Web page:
The U.S. Must Abolish Child Marriage – MarieClaire.com

In all but six states, American adults can marry people aged 17 and younger.
By , published 10 December 21
More than 70 years ago, December 10 was established as Human Rights Day by the UN General Assembly to commemorate the adoption of the Universal Declaration of Human Rights. This milestone document paved the way for the Declaration of the Rights of the Child and the Convention on the Rights of the Child (CRC), both of which seek to protect children from sexual exploitation and other forms of abuse, including child marriage. These international frameworks provide critical tools to protect children at a time in history when they are desperate for help.
One of the many terrible consequences of the COVID-19 pandemic that we’re all still living through is the increase in abuse it has fomented. Attempts to mitigate the pandemic’s reach through school closures and social isolation have placed the most vulnerable children at an even higher risk of child marriage and other forms of sexual violence. According to a new World Health Organization (WHO) statement on the socio-economic impact of COVID-19, “children are more prone to maltreatment and sexual violence, adolescent pregnancy, and child marriage” than they were before the pandemic. Prior to our current global public health crisis, UNICEF predicted that more than 100 million girls worldwide would be married before they turned 18; a new report from the organization warns that an additional 10 million girls may be at risk of becoming child brides, and a recent article in the Journal of Clinical Nursing says the pandemic has raised the risk of child marriage in five main ways: interrupted education (school closures), economic shocks (economic insecurity), pregnancy (disruptions in healthcare services), death of a parent (becoming an orphan), and disruption to programs and services aiming to prevent child marriage.
Recognizing the danger that many children face, activists and legislators across the U.S. have turned their attention to protecting children from forced marriage through changes in state law. For example, in February, North Carolina lawmakers introduced companion bills in the state House and Senate seeking to raise the marriage statute from 14 to 18. The bipartisan bill, which proposed to stymie the state’s reputation as a tourist destination for child marriage, was dismantled by the state Senate. In late June, the bill was amended, and the prospective marriage age was raised to 16. The legislation, passed by the state Senate in August, still allows an adult to marry a high school sophomore in North Carolina.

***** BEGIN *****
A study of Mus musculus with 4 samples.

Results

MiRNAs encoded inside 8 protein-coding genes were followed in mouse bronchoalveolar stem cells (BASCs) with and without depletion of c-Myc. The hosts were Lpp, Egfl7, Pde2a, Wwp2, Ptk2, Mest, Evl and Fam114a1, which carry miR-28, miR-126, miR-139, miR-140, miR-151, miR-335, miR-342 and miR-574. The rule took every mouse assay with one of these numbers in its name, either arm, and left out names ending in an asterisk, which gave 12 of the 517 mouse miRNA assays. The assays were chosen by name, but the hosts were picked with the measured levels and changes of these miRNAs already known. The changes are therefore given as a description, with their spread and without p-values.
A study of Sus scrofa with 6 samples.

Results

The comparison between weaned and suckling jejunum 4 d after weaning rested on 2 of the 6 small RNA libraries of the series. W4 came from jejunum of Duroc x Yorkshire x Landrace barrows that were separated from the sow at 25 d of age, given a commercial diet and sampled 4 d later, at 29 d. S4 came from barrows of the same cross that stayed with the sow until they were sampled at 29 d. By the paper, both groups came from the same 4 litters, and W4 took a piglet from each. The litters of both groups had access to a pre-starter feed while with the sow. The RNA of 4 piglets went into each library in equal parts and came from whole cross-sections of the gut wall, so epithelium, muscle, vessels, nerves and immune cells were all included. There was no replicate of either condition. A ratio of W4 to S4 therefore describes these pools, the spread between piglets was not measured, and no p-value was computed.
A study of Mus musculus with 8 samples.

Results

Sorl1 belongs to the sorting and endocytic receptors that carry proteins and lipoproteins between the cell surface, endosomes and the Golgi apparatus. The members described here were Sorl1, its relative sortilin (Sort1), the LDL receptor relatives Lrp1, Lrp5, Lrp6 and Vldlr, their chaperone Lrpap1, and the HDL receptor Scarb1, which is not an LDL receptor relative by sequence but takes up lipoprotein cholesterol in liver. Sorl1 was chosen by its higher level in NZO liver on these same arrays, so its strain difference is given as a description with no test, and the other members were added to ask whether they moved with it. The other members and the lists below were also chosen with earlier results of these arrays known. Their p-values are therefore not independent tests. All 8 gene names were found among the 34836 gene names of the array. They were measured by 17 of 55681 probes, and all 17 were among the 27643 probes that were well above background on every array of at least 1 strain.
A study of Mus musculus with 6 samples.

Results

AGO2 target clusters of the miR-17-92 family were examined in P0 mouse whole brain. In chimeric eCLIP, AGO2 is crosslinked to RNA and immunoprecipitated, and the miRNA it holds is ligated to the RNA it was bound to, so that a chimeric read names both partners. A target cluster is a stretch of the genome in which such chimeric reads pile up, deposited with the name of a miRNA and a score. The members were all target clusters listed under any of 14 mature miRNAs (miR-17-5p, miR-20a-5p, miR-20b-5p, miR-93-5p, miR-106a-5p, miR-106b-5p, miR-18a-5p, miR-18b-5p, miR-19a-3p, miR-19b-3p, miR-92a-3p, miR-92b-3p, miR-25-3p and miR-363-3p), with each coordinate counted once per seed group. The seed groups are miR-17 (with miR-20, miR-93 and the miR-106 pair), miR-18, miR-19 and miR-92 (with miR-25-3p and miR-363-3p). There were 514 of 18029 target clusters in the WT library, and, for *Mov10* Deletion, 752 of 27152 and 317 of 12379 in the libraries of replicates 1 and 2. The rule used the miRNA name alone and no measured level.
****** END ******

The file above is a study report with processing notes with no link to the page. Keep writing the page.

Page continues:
This news may surprise many Americans who consider child marriage an “over there” problem. In actuality, it’s an everywhere problem.
Laws regarding age parameters for marriage vary across U.S. states. Only six states prohibit marriage before the age of 18: Delaware, Minnesota, New Jersey, Pennsylvania, Rhode Island, and, most recently, New York. In late July, New York state legislators passed a bill raising the age of marital consent to 18, effectively banning child marriage there.
For the most part, U.S. laws governing child marriage resemble that of Afghanistan, where the official minimum age of marriage for girls is 16, or 15 with parental consent—still well below the internationally recommended standard of 18.
Sonita Alizada is a 24-year-old Afghan refugee and current undergraduate at Bard College in New York who was nearly sold into marriage twice—at age 10 and again at 16. She knows child marriage is detrimental no matter where it takes place.
“When I was 10, I was too young to really understand what marriage meant. I thought it was just a game—you got new clothes and a pretty dress,” Alizada recalls. After the first marriage contract fell through, Alizada and her family escaped from Afghanistan to Iran. They were living as refugees in Tehran when another marriage was arranged for Alizada.
“When I was 16, I did not want to be sold into marriage,” she says. “I thought this meant the end to the life that I had envisioned for myself.” With help from an Iranian documentary filmmaker, Alizada managed to escape to the U.S. where she is now a student and a musician. She says the change in her adopted state of New York is long overdue, and that it is “shocking” how few U.S. states have standardized 18 as the legal age of adulthood and consent.
Importantly, the U.S. remains the only UN member that hasn’t ratified the Convention on the Rights of the Child. Ratification and universal standardization of 18 as the age of adulthood—as specified in the CRC—could provide a significant roadblock for adults looking to marry children, and it could bolster the efforts of advocates who are working state by state to change the law. 
Until then, the U.S. will continue to struggle to be a legitimate voice for children who have yet to claim their human rights.
Hope Ferdowsian is an internal medicine, preventive medicine, and public health physician, and she is president of Phoenix Zones Initiative, which advocates for greater protections for children. She first became interested in human rights as a child when her father shared stories about the human rights abuses, including forced marriage, that he witnessed growing up in Iran.

Saryn Chorney is a journalist, multimedia storyteller, and master’s candidate at NYU working with Phoenix Zones Initiative as a consultant on children’s rights and other issues.